The average diesel price in the U.S. decreased fourteen cents to $4.21 for the week of August 18, according to the Energy Information Administration (EIA). This marks the fourth consecutive week prices fell at least a dime, as the average price of a gallon of diesel dropped $0.51 during that time span.

“To come down fifty cents so quickly came as a big surprise. [Crude] oil was going down three, four, five dollars a day, so it was surprising the pace that led us to where we are,” Denton Cinquegrana, markets editor for the Oil Price Information Service (OPIS), told FleetOwner.

Crude oil fell as low as $111.64 a barrel today, the lowest level it had reached in four months, according to CNNMoney.com, but prices increased above $115 later in the day due to supply concerns.

The most expensive area of the country continues to be New England, where a gallon of diesel averages $4.42, followed closely by the Central Atlantic region, which averages $4.41. The least expensive area is the Midwest, where the average is $4.13.

According to the latest EIA Short Term Energy Outlook, the price of West Texas Intermediate crude oil went from $122 per barrel on June 4 to $145 per barrel on July 3, but back down to $119 per barrel on August 5. EIA projects crude oil to average $119 per barrel this year and $124 in 2009, with diesel prices projected to average $4.18 in 2008 and $4.27 in 2009.

Falling demand plus the recovering U.S. dollar helped bring prices down, Cinquegrana added. In addition, people made what could be permanent changes including trading in gas guzzlers for more fuel-efficient cars and carpooling, turning what was at first an inconvenience into everyday routine, he said.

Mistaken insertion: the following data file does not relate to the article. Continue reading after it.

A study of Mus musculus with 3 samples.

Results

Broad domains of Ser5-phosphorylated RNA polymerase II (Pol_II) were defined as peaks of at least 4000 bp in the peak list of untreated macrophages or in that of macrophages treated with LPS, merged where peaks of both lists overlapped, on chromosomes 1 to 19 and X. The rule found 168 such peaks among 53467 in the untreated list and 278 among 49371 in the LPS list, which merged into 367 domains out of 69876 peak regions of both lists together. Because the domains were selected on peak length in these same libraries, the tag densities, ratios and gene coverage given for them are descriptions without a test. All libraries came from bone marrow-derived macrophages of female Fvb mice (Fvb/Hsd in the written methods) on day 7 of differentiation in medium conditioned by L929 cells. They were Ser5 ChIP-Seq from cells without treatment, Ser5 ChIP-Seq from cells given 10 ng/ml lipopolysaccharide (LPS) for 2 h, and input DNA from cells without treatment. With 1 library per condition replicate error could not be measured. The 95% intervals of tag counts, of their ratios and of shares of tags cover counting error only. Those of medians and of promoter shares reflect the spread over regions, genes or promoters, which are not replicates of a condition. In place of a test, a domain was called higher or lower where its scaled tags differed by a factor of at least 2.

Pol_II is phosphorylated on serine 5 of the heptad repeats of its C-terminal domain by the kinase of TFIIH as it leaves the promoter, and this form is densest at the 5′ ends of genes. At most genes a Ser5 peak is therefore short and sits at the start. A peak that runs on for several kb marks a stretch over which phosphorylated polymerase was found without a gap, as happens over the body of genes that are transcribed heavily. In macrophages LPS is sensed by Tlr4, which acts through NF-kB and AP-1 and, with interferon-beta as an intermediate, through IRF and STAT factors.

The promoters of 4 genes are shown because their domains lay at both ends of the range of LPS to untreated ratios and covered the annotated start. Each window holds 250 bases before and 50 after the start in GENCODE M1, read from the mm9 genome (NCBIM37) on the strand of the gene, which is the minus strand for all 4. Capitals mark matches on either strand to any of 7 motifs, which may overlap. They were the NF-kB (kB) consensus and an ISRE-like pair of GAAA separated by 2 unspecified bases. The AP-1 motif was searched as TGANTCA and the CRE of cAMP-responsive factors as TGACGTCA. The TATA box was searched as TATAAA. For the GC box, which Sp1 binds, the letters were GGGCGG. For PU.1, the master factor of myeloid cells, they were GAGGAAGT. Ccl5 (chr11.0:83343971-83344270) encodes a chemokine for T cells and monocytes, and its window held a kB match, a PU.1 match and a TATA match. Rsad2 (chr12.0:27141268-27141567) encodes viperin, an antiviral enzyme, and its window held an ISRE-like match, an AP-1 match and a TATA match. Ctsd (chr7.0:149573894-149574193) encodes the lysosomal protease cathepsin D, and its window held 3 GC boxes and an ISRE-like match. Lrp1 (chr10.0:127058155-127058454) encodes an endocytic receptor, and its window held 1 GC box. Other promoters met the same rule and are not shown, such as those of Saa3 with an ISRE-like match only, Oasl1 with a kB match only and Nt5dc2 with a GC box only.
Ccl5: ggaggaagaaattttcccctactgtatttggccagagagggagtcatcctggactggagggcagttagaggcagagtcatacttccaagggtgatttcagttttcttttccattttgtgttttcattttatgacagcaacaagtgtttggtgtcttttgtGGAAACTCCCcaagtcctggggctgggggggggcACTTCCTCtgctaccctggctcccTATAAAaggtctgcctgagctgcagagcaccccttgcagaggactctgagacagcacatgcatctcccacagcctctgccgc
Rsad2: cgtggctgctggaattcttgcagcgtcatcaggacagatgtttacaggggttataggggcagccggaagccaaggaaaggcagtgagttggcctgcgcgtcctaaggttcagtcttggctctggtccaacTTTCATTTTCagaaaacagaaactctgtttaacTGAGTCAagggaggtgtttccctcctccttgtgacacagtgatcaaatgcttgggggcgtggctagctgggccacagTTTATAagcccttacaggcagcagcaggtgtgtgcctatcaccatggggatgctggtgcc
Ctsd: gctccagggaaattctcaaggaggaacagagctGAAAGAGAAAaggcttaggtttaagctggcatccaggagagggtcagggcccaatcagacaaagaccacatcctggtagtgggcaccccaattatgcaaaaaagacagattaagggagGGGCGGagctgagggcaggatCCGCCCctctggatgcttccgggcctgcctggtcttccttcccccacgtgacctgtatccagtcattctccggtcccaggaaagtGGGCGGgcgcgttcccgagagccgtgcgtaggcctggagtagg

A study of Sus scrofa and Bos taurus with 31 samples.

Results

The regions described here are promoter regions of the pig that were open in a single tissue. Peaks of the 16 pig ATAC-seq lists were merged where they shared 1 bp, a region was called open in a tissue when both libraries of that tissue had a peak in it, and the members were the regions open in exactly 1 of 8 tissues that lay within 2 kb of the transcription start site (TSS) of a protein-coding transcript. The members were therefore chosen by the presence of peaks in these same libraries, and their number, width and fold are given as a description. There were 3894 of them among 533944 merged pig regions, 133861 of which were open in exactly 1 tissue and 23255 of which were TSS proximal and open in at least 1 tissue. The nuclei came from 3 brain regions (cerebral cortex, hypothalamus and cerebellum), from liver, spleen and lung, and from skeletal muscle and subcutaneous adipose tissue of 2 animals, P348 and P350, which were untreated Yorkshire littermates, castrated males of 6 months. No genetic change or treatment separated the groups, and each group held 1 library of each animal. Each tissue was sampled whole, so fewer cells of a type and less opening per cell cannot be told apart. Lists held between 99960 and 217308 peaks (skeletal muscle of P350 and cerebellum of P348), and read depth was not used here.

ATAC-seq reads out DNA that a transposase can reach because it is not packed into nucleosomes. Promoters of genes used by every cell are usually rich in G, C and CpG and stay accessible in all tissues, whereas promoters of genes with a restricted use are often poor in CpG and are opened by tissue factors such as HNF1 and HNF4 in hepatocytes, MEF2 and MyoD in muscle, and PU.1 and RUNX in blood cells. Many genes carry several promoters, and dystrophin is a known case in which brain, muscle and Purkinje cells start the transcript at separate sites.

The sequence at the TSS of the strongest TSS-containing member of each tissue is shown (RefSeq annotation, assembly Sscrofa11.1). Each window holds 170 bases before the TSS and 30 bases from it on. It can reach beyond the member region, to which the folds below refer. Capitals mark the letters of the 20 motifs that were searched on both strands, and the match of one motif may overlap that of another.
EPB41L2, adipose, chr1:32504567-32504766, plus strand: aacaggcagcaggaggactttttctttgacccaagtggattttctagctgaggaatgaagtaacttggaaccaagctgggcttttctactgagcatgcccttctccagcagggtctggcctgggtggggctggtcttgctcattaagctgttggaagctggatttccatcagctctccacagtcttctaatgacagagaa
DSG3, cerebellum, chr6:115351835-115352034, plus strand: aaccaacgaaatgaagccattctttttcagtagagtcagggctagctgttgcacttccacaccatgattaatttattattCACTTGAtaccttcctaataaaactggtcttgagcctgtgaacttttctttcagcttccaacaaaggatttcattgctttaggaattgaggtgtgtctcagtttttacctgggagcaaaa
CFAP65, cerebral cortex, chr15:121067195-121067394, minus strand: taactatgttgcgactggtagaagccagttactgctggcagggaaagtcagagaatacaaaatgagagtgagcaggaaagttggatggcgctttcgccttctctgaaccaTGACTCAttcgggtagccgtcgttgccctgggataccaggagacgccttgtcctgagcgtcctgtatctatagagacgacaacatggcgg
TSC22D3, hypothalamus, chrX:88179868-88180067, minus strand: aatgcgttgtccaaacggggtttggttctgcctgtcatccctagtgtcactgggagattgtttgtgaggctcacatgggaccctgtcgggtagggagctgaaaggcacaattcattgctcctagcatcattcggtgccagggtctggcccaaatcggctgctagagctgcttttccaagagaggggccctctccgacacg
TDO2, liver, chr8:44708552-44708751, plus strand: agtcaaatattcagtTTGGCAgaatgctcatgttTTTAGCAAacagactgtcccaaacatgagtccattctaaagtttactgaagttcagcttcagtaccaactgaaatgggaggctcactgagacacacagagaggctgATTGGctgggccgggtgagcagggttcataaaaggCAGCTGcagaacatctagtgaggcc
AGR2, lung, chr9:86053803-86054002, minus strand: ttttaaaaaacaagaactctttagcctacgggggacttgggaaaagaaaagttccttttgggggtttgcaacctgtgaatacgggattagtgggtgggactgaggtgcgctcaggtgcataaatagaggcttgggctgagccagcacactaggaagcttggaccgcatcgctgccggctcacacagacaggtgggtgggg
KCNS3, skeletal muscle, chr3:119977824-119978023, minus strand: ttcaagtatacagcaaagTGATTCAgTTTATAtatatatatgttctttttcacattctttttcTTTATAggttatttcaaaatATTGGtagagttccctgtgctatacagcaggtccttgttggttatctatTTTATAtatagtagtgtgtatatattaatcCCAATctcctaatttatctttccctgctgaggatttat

The prices may be aided by production increases, as non-OPEC supply is projected to rise about 510,000 barrels per day (bbl/d) in the second half of 2008 and 850,000 bbl/d in 2009, while OPEC production is expected to rise about 600,000 bbl/d in the third quarter from the second quarter, EIA said.

However, EIA said that despite an 800,000 bbl/d drop in U.S. consumption during the first half of 2008, global consumption rose by roughly 500,000 bbl/d due to a 1.3-million bbl/d rise in consumption outside of the Organization for Economic Cooperation and Development (OECD). The 800,000 decrease was the largest half-year consumption decline in the last 26 years, EIA said.

Yet while total world oil consumption is expected to grow more than 1 million bbl/d during the second half of 2008, the projection for 2009 has fallen about 460,000 bbl/d from July’s assessment, EIA said, as expectations for U.S. and other OECD countries has fallen substantially.

“Downward price pressures would increase if the economic slowdown proves deeper or longer than expected, and if higher prices lead to lower consumption and lower demand for OPEC crude than currently anticipated,” the EIA report said. “There is also a risk that any weakness in oil prices could be minimal or short-lived, especially if consumption growth exceeds current expectations or if oil production capacity expansion plans in either OPEC or non-OPEC nations turn out to be lower than expected.”

OPIS’s Cinquegrana added that he believed crude oil has leveled off, staying in the $112 to $114 range the past week, where it will most likely remain over the next month or two, although he added that on-the-road prices still have a little more catching up to do, and could fall an additional five to ten cents over the coming weeks.

“If conditions stay the way they are and demand stays the same, we could see further decreases,” Cinquegrana said. He added that it was possible that U.S. consumers could see $3 per gallon—or possibly lower—fuel for both gasoline and diesel sometime in the future.